New research being presented tomorrow at RAID 2014 demonstrates that just two signals can automatically and effectively detect hundreds of malicious pages within 150,000 real-world samples with relatively high precision and accuracy: 1) content obfuscation and 2) fake certification seals. The UCSB research paper by Jacopo Corbetta, Luca Invernizzi, Christopher Kruegel and myself entitled “Eyes of a Human, Eyes of a Program: Leveraging Different Views of the Web for Analysis and Detection” dissects these two common techniques used by malicious websites -- particularly rogue online pharmacies -- to mislead web visitors and evade security scanners.
Malicious web developers exploit these discrepancies between what programs and humans see to elude automated detection while masquerading as legitimate web sites for their criminal or unethical purposes. For example, there are many malicious websites disguised as legitimate online pharmacies that are in fact peddling in counterfeit goods, selling illegal or controlled substances, stealing personal information and/or distributing malware. In fact, Lastline’s director of research Christian Kreibich co-authored a fascinating paper in 2012 that looks inside the economics of pharmaceutical affiliate programs and uncovers botnets, malware, bullet-proof hosting and more.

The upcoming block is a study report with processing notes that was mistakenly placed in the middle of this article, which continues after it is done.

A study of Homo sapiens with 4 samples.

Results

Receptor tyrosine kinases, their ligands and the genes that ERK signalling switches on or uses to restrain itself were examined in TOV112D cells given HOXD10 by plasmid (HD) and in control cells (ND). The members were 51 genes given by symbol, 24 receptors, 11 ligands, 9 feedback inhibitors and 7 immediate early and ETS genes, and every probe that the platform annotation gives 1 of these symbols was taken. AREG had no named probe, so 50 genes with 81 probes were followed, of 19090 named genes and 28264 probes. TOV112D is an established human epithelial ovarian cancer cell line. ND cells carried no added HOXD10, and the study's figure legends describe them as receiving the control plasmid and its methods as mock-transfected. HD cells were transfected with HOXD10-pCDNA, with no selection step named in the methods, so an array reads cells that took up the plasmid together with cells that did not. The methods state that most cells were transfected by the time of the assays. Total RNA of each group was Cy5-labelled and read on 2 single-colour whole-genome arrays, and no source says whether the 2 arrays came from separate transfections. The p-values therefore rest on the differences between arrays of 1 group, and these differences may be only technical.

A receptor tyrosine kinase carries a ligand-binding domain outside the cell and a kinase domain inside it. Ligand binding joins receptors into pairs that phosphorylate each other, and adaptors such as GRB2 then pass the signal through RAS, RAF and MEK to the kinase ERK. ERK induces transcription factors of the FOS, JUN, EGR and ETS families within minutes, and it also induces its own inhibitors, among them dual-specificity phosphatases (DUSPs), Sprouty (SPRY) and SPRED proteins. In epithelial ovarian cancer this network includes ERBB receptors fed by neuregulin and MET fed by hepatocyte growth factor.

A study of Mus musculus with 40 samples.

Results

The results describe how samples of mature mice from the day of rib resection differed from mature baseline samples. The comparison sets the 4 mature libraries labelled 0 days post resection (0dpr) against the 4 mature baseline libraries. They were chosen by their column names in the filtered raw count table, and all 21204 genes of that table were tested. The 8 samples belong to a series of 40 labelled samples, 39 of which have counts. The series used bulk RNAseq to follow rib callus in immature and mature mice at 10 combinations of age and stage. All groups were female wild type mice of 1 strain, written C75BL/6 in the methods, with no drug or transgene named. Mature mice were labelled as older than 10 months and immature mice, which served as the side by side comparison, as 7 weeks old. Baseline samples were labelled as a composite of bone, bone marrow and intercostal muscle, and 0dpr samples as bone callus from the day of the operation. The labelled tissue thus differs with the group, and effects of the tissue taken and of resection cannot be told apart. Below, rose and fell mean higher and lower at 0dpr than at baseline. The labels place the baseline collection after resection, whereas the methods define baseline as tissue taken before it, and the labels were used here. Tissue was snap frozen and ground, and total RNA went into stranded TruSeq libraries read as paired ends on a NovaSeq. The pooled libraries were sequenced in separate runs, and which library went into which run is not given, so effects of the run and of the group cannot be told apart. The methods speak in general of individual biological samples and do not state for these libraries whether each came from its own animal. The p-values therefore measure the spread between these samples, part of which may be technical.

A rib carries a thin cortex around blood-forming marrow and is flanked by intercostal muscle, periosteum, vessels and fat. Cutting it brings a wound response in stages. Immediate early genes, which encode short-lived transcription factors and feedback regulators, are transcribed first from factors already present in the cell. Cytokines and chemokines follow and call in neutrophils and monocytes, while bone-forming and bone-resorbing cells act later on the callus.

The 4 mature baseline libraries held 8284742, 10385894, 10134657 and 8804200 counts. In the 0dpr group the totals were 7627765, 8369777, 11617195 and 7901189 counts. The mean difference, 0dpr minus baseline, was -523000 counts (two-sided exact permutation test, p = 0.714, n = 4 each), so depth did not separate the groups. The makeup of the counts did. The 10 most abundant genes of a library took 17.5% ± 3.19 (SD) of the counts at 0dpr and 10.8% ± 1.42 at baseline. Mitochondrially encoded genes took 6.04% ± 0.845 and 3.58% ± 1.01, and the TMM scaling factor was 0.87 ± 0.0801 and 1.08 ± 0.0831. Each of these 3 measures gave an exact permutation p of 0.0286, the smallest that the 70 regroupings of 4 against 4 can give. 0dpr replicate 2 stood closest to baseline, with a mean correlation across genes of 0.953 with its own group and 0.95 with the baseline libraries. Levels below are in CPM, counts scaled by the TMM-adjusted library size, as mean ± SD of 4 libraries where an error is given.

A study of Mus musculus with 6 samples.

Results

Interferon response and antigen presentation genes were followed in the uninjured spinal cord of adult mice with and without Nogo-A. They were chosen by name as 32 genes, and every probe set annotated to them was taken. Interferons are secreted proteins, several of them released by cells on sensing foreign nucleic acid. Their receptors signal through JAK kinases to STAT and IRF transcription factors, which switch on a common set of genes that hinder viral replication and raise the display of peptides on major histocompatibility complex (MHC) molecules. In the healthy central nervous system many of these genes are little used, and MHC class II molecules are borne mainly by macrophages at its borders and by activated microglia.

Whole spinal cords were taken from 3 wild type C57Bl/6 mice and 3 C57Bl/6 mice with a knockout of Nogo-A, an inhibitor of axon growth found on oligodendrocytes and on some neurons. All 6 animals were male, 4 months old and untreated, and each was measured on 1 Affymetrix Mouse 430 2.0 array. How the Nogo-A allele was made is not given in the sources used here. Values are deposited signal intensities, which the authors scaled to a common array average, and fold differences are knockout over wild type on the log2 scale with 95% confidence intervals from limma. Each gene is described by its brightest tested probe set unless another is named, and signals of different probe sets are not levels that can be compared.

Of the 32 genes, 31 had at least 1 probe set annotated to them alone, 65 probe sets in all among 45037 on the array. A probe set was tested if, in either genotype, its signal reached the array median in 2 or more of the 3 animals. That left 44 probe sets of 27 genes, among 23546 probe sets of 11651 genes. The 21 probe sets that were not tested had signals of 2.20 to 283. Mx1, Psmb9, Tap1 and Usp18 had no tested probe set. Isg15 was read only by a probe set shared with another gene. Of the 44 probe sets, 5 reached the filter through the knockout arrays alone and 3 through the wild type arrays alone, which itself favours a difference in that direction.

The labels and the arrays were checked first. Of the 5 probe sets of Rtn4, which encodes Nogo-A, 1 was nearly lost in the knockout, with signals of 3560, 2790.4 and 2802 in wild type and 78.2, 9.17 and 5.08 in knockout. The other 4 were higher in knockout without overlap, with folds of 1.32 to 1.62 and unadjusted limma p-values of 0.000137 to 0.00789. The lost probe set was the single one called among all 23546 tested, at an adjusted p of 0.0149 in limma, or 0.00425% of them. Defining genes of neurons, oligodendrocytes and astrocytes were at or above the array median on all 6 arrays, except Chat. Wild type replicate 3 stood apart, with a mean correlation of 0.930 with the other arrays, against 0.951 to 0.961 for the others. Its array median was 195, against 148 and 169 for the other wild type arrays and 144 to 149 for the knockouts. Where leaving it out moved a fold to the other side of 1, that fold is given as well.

To test our hypotheses, we built a “maliciousness detector” using just these two signals:
Content obfuscation: this technique is used by web authors to hide web content from scanning programs, which might recognize patterns that are associated with malicious intent. Some forms of content obfuscation are common on benign websites, such as email and web addresses, so we ignored those.
Certification seals: these are small images bearing the brand of a certification provider of some sort -- including security vendors, payment systems providers, government administrations, NGOs and professional associations. When used without permission, these seals serve to deceive humans into believing the malicious site owner is certified by a reputable organization and therefore trustworthy. When fake, seals generally do not redirect to the actual certification program.
Six example counterfeit seals found on rogue online pharmacy websites
Ultimately, we’ve determined that content obfuscation and the use of fake seals are both very strong signals for malicious intent. Of the 149,700 pages studied, we found that benign pages rarely exhibit these behaviors. We also uncovered hundreds of malicious pages that traditional malware detectors would have missed, including 400 rogue pharmacy websites displaying fake seals like those above.
While this is by no means a comprehensive way to detect all malicious web pages, we believe this research can contribute to the ever-growing toolshed of cyber-security defenses against Internet fraud. And all of us can learn from this to treat certification seals on otherwise unknown webpages with a healthy dose of suspicion.